The Jesus Prayer +

[Note:  This is one of several articles that I am archiving here as I phase out an old website, The Four Precepts Web Portal & Spiritual Search Page.  While these articles reflect a formative period in my life and thought, they do not necessarily reflect my current opinions.]

The Jesus Prayer +
by Wayne Ferguson 29.07.2007, changed 01.08.2007

When I was approaching the midpoint of a long period of desert wandering, I was introduced to the Jesus Prayer and found it very helpful.

the way of a pilgrim2According to The Way of a Pilgrim, which I was reading at the time, the mere repetition of this prayer will have a profound spiritual effect on anyone who is willing to habitually repeat it until it becomes an internalized, almost unconscious process. Indeed, as I understood it, one need not necessarily believe in God or even be praying with a sincere heart—not in the beginning… Just start praying:

 

Lord Jesus Christ, Son of God, have mercy on me a sinner.

christogramI really can’t imagine any other approach that could have persuaded me to pray during that time, but that understanding of the Jesus Prayer really hit the spot. It allowed me to pray with a clear conscience for the first time in years. And while a superstitious mentality might be tempted to attribute a kind of magic to the words themselves, I suspect that the mere willingness to repeat the prayer reflects the first stages of a more profound repentence which is then reinforced by the words of the prayer, together with the grace of God. In any case, the importance of that prayer in my own life can hardly be overestimated. A few years later, I compiled this scriptural montage, to which I have recently added a quazi-liturgical ending:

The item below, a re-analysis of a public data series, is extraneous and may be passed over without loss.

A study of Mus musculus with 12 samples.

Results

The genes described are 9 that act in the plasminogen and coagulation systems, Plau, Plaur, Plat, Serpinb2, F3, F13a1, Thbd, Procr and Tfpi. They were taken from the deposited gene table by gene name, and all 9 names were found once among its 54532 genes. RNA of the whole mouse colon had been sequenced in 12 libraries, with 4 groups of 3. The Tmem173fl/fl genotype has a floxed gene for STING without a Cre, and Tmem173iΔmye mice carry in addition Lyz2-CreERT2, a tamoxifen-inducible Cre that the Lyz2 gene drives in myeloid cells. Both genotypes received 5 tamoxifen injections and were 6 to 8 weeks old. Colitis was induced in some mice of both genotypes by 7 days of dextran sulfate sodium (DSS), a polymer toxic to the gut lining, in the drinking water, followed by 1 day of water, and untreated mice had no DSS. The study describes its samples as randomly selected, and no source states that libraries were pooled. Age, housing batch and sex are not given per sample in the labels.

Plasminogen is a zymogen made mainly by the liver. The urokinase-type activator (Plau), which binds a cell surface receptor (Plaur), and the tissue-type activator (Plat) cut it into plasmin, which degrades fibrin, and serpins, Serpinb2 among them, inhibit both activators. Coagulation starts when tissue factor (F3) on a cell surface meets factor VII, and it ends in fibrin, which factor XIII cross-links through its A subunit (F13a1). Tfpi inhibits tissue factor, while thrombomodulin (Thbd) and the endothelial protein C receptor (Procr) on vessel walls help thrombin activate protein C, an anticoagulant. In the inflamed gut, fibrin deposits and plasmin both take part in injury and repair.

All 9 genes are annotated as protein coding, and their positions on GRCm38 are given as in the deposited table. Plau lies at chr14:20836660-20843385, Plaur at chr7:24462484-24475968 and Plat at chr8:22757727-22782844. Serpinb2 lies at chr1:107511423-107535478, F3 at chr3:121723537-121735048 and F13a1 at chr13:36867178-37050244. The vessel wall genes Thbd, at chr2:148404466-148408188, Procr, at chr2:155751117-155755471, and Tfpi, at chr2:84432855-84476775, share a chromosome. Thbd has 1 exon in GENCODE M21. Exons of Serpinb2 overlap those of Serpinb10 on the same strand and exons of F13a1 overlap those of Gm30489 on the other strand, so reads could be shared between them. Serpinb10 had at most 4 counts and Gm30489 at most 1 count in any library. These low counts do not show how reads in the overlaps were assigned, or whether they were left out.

Lord Jesus Christ, Son of God, have mercy on me a sinner.

I will fear no evil, for Thou art with me.

(Be Silent and Listen)

For I am pursuaded that neither life, nor death, nor angels, nor principalities, nor powers, nor height, nor depth, nor any other creature, shall separate me from the love of God which is in Christ Jesus our Lord.

And we know that all things work together for Good to them that love the Lord, to them that are the called, according to his purpose.

According to that purpose which he purposed in himself that in the dispensation of the fullness of time, he might gather together in one, all things in Christ; whether they be things in heaven or things in earth, even in Him.

In the name of the Father and the Son and the Holy Spirit.
To Whom be glory and Honor forever, and ever, unto the ages of the ages…

AMEN

Gospodi pomilui, Gospodi pomilui, Gospodi pomilui

Podai, Gospodi

[Editor’s Note: The scripture verses in this article are basically from The King James version of the Bible, but may reflect some paraphrasing on my part. The last two lines reflect a variation of the Jesus prayer that is used in the Russian Orthodox liturgy (the language is Church Slavonic and can be translated: Lord have mercy, Lord have mercy, Lord have mercy; Grant it, Oh Lord). The image is that of a Christogram with the Jesus prayer appearing in Romainian. It was borrowed from the Wikipedia article entitled The Jesus Prayer.]